Your New Ferret

So you've decided to share your home with a ferret! They truly are a most amazing and endearing pet. These amazing critters can be trained to come on command and even use a litter box. But before giving you new ferret roam freely around the house you should take a few precautions.

Slowly let your new animal acclimate to its surroundings before letting it loose. Allow it to get acquainted with your home from the comfort and protection of its cage until it looks relatively at ease. Another top priority is teaching your new ferret how to use a litter box. Your ferret litter training efforts may achieve a success rate of about 75% or better if you spend enough working with the ferret, but this depends on the ferret to some degree as well. Litter box training will probably extend over several months, several hours a day. Again, your continued effort in this area is your best guarantee of success. You'll probably want to start training in a small room such as a bathroom or kitchen that has hard floors. This way they can roam freely without concern for damage to carpet. Usually ferrets will go just a few minutes after waking up or after eating. So, just after waking, put your ferret in the litter box. Do not let it out until it goes. Whenever it does use the litter box, give it a treat. Physical punishment will not teach your ferret to use a litter box, it will only teach them to fear you. Keeping your ferret to run around the house may require some willingness on your part to live with the occasional dropping.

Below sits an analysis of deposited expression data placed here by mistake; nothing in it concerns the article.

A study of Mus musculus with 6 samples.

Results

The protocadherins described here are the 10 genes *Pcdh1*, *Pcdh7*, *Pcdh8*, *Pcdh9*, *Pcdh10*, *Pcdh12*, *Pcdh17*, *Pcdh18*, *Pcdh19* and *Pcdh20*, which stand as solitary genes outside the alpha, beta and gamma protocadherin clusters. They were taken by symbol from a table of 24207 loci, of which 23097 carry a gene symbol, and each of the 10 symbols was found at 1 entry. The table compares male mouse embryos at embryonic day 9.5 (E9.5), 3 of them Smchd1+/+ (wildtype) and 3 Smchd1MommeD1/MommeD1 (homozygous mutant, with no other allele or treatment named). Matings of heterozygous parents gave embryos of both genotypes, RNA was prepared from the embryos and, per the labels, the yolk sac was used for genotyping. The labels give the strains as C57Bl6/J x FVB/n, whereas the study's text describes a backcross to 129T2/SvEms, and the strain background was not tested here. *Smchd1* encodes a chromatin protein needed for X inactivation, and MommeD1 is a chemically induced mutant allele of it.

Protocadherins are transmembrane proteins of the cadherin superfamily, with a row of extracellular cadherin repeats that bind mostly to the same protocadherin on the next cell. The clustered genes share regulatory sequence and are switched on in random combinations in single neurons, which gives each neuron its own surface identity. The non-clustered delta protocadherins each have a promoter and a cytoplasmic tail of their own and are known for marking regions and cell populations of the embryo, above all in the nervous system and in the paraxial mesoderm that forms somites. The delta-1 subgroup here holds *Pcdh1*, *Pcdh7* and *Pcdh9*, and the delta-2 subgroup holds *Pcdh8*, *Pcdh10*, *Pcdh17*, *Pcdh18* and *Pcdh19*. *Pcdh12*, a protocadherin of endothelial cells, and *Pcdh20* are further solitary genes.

Giving your ferret the keys to your house, so to speak, will also require that you do some ferret-proofing around the house. This simply means making your home a safe place for a ferret, similar to how you would make a home toddler safe. Ferrets are small and very curious. They will find their way into spaces so small you can not even imagine! Generally, it's safe to say that if their head will fit into a space, the rest of their body can too. Ferret-proofing starts by crawling around the house on hands and knees looking for loose vent covers, crevices, and any other small openings they might get into. With a combination of being natural climbers as well as overly curious, there are many potential playgrounds for them right inside your home. A dryer exhaust tube could be ripped open by them and provide an escape route to the out of doors. A couch with a thin lining underneath may allow a ferret to get inside the couch and up into the springs. Some refrigerators have openings that a ferret could climb into and get hurt on the fan.

Many ferret owners want to give their ferrets the liberty and exercise of being able to run around in their homes. One suggestion could be to take this slowly, allowing access to more areas as the hazards are identified and eliminated. For their safety, make your home safe before allowing these amazing creatures to roam.